Mary Oliver, a Poet Whose Simple Turns of Phrase Held Mass Appeal, Dies at 83

The Pulitzer Prize-winning writer was known for her straightforward meditations on nature, spirituality and the human experience

Photo by Kevork Djansezian/Getty Images

Mary Oliver’s instructions for living were simple: “Pay attention. / Be astonished. / Tell about it.”

The 83-year-old Pulitzer Prize-winning poet, who died at her Florida home on Thursday after battling lymphoma, followed this simple maxim to the letter over her nearly six-decade career. In more than 20 volumes of poetry, she offered up incisive yet accessible musings on the natural world, spirituality and that intangible verve of human experience, drawing—according to The New York Times’ Margalit Fox—“a wide following while [at the same time] dividing critics.”

Oliver’s straightforward language simultaneously appealed to the masses and attracted the derision of those who view poetry as a more highbrow practice. But in a 2012 interview with NPR, the poet dismissed such erudite concerns, maintaining that “poetry, to be understood, must be clear” rather than “fancy.”

Despite the lack of scholarly consensus on her work, Oliver garnered substantial critical recognition, earning a Pulitzer Prize in 1984 and a National Book Award in 1992. Most impressively, particularly to those outside of insular literary circles, she boasted that elusive knack for commercial success, becoming, in the words of The New York Times’ Dwight Garner, “far and away, this country’s best-selling poet.”

Writing for the New Yorker in 2017, Ruth Franklin noted that Oliver drew inspiration from such poetic predecessors as Walt Whitman and Emily Dickinson. She used nature as a jumping point for more spiritual meditations, likening the act of praying to kneeling down in a grassy field on a summer day and declaring that “attention is the beginning of devotion,” but remained skeptical of organized religion.

Instead of reiterating Christian tales of resurrection and redemption, Oliver saw the sacred in nature’s “endless cycles of death and rebirth.” She took frequent walks through the woods or by the shore, cataloguing flora and fauna and cementing a singular image of herself in friends’ minds. As the poet noted in her 2004 essay collection Long Life, “There’s never been a day that my friends haven’t been able to say, and at a distance, ‘There’s Oliver, still standing around in the weeds. There she is, still scribbling in her notebook.’”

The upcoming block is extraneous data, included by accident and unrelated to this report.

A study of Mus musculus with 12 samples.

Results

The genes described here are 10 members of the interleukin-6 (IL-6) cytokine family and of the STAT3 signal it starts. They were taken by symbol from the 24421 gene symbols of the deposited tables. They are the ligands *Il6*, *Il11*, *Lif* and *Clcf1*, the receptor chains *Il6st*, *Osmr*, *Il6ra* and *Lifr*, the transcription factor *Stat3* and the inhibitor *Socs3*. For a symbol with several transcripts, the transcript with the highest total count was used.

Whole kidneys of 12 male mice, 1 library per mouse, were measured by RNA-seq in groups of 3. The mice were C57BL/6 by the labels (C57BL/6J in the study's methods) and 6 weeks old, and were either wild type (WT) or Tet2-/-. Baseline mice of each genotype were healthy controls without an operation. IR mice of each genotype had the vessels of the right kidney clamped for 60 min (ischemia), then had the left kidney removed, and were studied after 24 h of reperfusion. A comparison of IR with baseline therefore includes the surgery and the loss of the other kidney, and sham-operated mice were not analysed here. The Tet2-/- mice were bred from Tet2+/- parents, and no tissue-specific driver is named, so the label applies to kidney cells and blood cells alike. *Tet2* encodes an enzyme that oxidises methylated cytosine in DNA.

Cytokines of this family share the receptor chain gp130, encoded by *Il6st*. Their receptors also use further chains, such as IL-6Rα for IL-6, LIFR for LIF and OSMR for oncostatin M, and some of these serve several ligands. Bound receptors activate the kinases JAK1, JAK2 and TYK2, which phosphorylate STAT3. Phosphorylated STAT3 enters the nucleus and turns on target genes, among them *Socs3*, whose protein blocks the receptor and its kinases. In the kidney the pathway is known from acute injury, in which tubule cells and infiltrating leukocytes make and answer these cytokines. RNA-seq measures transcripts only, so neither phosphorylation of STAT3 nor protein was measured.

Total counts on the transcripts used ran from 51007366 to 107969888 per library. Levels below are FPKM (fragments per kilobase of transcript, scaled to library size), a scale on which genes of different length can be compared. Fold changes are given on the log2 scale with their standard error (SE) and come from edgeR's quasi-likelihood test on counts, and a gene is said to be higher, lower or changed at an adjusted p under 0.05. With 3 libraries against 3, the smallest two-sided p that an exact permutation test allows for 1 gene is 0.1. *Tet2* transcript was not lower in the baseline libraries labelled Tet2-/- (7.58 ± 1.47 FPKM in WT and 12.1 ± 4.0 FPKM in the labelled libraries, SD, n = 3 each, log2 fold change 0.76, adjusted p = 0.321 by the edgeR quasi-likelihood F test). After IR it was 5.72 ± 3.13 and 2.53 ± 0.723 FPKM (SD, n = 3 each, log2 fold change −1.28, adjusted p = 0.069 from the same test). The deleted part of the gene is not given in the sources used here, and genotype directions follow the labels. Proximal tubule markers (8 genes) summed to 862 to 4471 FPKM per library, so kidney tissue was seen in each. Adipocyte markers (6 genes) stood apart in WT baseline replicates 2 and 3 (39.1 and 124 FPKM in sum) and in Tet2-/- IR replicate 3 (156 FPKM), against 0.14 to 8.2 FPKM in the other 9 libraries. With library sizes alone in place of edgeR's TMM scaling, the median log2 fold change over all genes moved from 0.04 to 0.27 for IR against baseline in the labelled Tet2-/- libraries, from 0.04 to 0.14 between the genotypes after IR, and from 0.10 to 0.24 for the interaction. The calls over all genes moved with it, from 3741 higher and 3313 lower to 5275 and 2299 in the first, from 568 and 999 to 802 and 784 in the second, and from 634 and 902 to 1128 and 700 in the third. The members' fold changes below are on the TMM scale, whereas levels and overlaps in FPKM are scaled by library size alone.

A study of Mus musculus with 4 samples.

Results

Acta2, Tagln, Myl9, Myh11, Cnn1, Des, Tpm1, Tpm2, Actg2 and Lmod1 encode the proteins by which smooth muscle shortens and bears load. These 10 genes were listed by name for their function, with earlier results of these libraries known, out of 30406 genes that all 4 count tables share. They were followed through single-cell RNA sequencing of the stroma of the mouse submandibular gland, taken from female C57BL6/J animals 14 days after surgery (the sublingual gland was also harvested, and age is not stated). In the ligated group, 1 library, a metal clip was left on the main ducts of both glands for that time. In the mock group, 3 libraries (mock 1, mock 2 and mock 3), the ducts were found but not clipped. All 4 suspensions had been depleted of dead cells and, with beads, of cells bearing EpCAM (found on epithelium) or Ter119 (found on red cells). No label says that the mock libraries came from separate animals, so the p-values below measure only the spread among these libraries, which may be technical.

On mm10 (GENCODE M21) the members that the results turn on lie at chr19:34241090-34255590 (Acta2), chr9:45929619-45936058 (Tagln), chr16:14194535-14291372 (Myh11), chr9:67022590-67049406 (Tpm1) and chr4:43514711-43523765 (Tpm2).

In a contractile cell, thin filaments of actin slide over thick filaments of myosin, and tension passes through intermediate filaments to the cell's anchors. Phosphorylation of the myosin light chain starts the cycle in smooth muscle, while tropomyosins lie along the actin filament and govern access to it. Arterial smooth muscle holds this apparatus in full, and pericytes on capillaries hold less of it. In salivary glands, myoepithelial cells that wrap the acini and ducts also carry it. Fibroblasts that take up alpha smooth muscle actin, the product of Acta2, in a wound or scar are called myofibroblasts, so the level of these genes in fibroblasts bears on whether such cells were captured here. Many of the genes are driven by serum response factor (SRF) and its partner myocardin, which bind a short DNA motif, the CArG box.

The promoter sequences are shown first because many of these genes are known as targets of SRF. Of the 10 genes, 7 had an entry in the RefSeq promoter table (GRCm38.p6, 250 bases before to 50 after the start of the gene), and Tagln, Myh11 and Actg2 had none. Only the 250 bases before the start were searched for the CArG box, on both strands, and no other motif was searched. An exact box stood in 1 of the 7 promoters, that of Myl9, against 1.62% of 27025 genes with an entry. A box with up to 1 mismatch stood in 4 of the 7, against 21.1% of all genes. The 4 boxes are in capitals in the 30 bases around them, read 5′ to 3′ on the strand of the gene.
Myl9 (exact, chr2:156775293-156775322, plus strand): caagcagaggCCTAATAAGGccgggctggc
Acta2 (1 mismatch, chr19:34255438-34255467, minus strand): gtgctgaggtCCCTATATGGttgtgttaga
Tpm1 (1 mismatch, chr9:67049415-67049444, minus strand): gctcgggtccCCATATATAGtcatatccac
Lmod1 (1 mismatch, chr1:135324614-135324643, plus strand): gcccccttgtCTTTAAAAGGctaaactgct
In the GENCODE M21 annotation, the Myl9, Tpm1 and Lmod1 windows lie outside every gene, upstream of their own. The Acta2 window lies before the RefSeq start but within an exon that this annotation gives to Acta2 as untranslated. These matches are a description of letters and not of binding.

This habit of roaming the wild began during Oliver’s childhood, as Lynn Neary explains for NPR. Born in September 1935, the burgeoning writer escaped the abuse and neglect of her life in rural Ohio by retreating to the woods. After graduating from high school, she embarked on a spontaneous trip to Edna St. Vincent Millay’s New York estate and managed to befriend the late poet’s sister, who allowed Oliver to live in the Austerlitz home and assist in organizing Millay’s papers.

According to the Cut’s Edith Zimmerman, Oliver met her longtime partner—photographer and literary agent Mary Malone Cook—at Austerlitz in 1959. The poet later described the meeting in characteristically candid terms, admitting, “I took one look and fell, hook and tumble.”

A few years after this chance encounter, Oliver and Cook settled down in Provincetown, Massachusetts. They remained together until Cook’s death in 2005.

David C. Ward, senior historian emeritus at the National Portrait Gallery and a poet himself, tells that one of Oliver’s gifts was making poetry “look easy.” Prior to reading her work, Ward says he had been over-intellectualizing poetry, assuming it was best left to such luminaries as Ezra Pound and T.S. Eliot. Compared to these poets’ layered allusions and complex symbolism, Oliver’s work exhibits a certain “openness.”

“[She showed] you could write about nature, and it didn't have to be tremendously complicated,” Ward adds. “There could be an element of description, and you could get at how we live in the world.”

Still, the simplicity of Oliver’s language—and the subsequent quotability of her work, as evidenced by its ubiquitous presence on greeting cards, wall art, T-shirts, jewelry and an array of commercial products—sometimes belied its power to touch the soul. As Mary Schmich writes for the Chicago Tribune, Oliver’s “poems ask us to reflect on the violence and beauty of the world, on our inevitable loneliness and death, on the exhilarating but not entirely happy mystery of it all.”

Referencing the poet’s “In Blackwater Woods,” which outlines the difficulties associated with loving “what is mortal; / to hold it / against your bones knowing” that at sometime in the future, you must “let it go,” Schmich points out that Oliver’s work serves not simply as inspiration, but consolation and the spark for a litany of other emotions.

“She made people who might not otherwise read poetry read poetry,” Ward further explains. “... [She] created a world that touched people deeply, connected them in a way with the world around them, [and] took them out of their own lives.”

Oliver’s most famous lines—a couplet found at the end of “The Summer Day”—ask, “Tell me, what is it you plan to do / with your one wild and precious life?”

To the poet herself, the answer was clear: As she concluded in a work titled “When Death Comes,” “When it’s over, I want to say / all my life / I was a bride married to amazement.”

It might as well be her epitaph.

Get the latest stories in your inbox every weekday.